Day before yesterday, the boyfriend and I visited Gothenburg. Gothenburg is a very nice city on the West coast of Sweden, and we were there to see our friends, go to the dissertation defense party, and while we were there, we also took the time to visit the Gothenburg Botanical Garden. (Very, very recommended if you are interested in botany, conservation, or just like to walk around in a pretty park and look at flowers.)
Among other things, the garden is famous for its collections of orchids and carnivorous plants, and while it was the orchid collection which originally drew me there, it was the carnivores which made me think.
These cute, fluffy red-patterned pitchers eat animals. Specifically, they eat bugs – they lure them in, drown them, and digest them. They photosynthesize too, like most other plants, but for their nutrients, they depend largely (if not solely) on killing and eating what flies or creeps their way. They can, of course, survive without eating bugs – though not incredibly well – but they do far, far better if they can eat what is natural to them.
And, of course, I’ve never heard anyone say that it’s not ethical to feed them flies, or that it’s murder. It’s – well, it’s natural, and that’s the end of it.
In general, I don’t care what other people eat, so long as they don’t hurt themselves and I don’t consequently have to pay for their health care via my taxes, and so long as they don’t tell me what I should and should not eat.
The former is an ongoing social problem. People eat whatever the heck they feel like, and then think that others should pay for the problems they give themselves. Rant for another time. The latter is a problem with fewer people, but they are far more voiciferous. I am talking about all those who scream that eating animals is not ethical and that I am a bad person for wanting to, and doing so.
The question I would like to ask is, why? Why is it unethical and why is it bad, precisely?
A side note before I launch further into rant – I do my best to buy grass-fed meat, and free-range chickens (essentially more or less the only kind available in Sweden anyway), and I do not in any way condone bad conditions or treatment of livestock. In fact, it is people like myself who pay a premium price for good-quality meat from well-treated animals who contribute to well-being of livestock in good herds.
Furthermore, while there is an argument that humans are not obligate carnivores, but rather omnivores, the latter term should not be taken to mean that humans can therefore subsist on vegetable matter only, or not easily or well. In fact, omnivores cannot subsist by grazing at all – that would be the province of herbivores, which humans certainly are not (our digestive system is just not adapted to such diet). Meaning, I am not about to give up eating fruit, grains, legumes or vegetables and greens – that’d be mad (not to mention constipating!), but I also do not see any ethical reason for me to stop eating animal tissue – so long as no animals live in horrible conditions because of it. I mean, let’s face it – no sane carnivore would prefer a miserable and sick animal to eat to a fat and happily sleek one. I am not mad either. When I eat an animal, I want to know it was healthy and lived well – if nothing else, because it would taste better if so (nutrition aside).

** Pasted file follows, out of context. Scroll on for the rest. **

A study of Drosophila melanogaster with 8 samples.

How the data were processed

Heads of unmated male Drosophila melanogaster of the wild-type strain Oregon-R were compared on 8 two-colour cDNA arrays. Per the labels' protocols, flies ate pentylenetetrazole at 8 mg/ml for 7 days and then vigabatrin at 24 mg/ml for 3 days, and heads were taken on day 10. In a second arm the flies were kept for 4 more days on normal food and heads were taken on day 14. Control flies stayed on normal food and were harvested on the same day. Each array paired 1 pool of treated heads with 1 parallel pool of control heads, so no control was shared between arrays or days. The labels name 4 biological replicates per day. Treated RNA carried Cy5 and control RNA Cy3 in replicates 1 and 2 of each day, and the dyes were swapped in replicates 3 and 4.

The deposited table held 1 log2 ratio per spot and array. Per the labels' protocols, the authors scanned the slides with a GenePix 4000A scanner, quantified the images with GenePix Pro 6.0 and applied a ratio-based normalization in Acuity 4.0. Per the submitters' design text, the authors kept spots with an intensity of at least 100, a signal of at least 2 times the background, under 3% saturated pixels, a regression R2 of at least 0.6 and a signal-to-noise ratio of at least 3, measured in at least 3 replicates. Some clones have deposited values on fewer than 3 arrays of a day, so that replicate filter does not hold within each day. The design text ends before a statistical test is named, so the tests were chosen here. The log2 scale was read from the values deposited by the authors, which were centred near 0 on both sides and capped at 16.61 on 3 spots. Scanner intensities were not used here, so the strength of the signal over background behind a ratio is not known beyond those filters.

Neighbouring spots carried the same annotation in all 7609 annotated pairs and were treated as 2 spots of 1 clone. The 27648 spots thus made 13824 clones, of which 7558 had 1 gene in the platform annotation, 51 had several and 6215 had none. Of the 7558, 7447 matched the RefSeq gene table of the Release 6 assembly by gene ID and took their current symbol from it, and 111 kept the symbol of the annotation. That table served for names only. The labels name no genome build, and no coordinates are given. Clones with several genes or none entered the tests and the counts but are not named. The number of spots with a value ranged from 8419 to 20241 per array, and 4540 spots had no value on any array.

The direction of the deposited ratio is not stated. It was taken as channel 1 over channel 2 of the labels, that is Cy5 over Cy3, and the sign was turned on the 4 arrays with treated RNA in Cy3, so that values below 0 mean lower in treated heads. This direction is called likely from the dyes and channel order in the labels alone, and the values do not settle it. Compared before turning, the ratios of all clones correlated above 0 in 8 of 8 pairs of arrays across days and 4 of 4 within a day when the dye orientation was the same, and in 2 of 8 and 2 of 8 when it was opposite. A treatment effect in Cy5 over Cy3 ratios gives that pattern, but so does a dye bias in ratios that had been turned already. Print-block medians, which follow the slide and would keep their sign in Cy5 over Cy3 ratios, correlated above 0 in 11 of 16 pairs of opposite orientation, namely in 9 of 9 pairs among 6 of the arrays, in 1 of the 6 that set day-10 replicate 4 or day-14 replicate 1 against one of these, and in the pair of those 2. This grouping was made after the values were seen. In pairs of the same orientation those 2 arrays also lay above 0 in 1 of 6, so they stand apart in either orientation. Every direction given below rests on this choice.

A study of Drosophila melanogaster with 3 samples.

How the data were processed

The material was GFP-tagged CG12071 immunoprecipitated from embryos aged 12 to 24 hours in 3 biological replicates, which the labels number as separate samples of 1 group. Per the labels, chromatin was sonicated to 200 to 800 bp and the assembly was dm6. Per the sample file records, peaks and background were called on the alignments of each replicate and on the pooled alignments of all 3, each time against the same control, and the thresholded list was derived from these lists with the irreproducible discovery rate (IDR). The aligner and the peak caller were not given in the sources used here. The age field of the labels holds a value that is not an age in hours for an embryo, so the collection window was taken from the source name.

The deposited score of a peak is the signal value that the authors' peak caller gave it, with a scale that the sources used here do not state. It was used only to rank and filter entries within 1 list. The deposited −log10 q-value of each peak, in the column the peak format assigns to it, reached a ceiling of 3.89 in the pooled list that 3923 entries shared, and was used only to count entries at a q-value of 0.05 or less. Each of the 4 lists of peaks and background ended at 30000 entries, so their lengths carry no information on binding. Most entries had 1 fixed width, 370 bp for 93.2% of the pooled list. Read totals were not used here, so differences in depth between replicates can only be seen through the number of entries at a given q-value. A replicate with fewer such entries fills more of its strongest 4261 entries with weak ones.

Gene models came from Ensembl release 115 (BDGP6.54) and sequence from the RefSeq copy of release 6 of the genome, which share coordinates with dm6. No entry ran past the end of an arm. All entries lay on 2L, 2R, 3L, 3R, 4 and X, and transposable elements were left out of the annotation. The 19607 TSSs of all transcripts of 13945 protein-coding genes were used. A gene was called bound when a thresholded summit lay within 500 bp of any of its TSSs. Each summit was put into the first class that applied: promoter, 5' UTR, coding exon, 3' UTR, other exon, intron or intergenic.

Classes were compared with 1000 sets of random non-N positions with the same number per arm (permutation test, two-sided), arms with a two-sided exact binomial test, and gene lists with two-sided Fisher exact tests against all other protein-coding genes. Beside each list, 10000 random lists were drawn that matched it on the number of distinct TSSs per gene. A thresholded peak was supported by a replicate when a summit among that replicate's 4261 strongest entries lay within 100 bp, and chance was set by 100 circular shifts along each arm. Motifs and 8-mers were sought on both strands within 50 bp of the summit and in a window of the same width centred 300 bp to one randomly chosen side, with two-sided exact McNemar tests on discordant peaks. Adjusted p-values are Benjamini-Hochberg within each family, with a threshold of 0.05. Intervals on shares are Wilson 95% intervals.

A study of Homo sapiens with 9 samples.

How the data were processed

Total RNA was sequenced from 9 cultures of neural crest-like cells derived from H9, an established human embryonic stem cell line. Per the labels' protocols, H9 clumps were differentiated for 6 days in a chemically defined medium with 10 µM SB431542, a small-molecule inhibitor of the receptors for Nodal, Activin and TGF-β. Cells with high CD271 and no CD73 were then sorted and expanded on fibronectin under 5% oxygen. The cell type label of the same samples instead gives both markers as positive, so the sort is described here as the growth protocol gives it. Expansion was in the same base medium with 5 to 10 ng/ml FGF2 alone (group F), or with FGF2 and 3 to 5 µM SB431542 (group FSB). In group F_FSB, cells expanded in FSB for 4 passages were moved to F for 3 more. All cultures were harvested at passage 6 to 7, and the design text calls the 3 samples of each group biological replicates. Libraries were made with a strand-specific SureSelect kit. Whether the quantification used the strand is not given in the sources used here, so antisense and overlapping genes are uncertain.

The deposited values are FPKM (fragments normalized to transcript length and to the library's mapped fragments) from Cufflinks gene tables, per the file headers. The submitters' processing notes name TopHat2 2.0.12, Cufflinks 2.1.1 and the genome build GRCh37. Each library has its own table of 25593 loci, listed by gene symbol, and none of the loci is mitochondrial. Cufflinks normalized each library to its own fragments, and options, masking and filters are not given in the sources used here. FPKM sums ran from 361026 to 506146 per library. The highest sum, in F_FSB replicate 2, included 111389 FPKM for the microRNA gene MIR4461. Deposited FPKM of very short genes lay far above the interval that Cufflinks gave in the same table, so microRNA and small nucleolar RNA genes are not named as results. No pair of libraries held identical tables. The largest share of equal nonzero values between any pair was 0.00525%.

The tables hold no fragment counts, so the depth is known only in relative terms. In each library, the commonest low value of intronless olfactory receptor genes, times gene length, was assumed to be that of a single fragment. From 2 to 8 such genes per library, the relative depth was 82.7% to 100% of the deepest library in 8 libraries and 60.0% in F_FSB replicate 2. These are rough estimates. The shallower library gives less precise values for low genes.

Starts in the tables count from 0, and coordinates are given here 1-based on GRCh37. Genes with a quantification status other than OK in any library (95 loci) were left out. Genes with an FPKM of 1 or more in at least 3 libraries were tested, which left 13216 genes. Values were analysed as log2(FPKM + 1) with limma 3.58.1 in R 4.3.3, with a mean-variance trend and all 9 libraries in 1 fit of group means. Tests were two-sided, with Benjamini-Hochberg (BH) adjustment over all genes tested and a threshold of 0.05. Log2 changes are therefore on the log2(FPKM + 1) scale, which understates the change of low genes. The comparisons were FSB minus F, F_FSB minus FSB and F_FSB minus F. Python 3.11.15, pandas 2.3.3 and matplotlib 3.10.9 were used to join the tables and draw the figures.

As to nutrition – well yes, you can (with help of some intensive and environment-costly modern technology) survive on a purely vegetable and fungal diet. But mind you, I can’t imagine that any manner of eating which requires serious industrial processing of said plant matter, and industrial-level extraction/synthesis of vitamins and other nutrietns, and heavy supplementation with those can be called anything like healthy or natural. This is to say – ovo-lacto-vegetarians and pescetarians, for example, do just fine. It’s vegans who have a real serious industry dependency.
The question which made me wonder is – why is it that some people (no names or links here, I am being nice!) feel the need to try to load me with guilt for wanting to eat what is natural to me? (That, by the way, being, a nice selection of fruit, vegetables, grains, legumes, eggs and yes, meat.) Is any of it more wrong for me to eat than for a carnivorous plant to get fed a few flies? Why? Because I am not red and fluffy and don’t live in a pot? And what about the plants themselves – why is it that some people consider it to be perfectly fine to eat a cucumber but not a cow? What makes plant life worse or less precious than animal life, precisely? After all, plants are the reason why we, animls, have oxygen to breathe and something, anything to eat – they are the only form of life on this planet which converts inorganic matter into organic matter which the rest of kingdoms of life can eat. I’d say that ought to make them more revered, not less!
So, here’s what I have to say – just like the adorable Sarracenia in the photo, and her many cohorts, I do not buy your “you shouldn’t eat animals because they are cute and have huge Disney-Bambi eyes“. Animals are a natural part of my diet, they have proteins and nutrients I need (and yumminess I love), and I will continue to eat them untill and unless you come up with a better reason why me and my Pitcher plant buddies here should consider them off-limits.
P.S. If you drive a car, then don’t even start on how it’s better for the environment – sell your car and take public transit or walk like I do, first.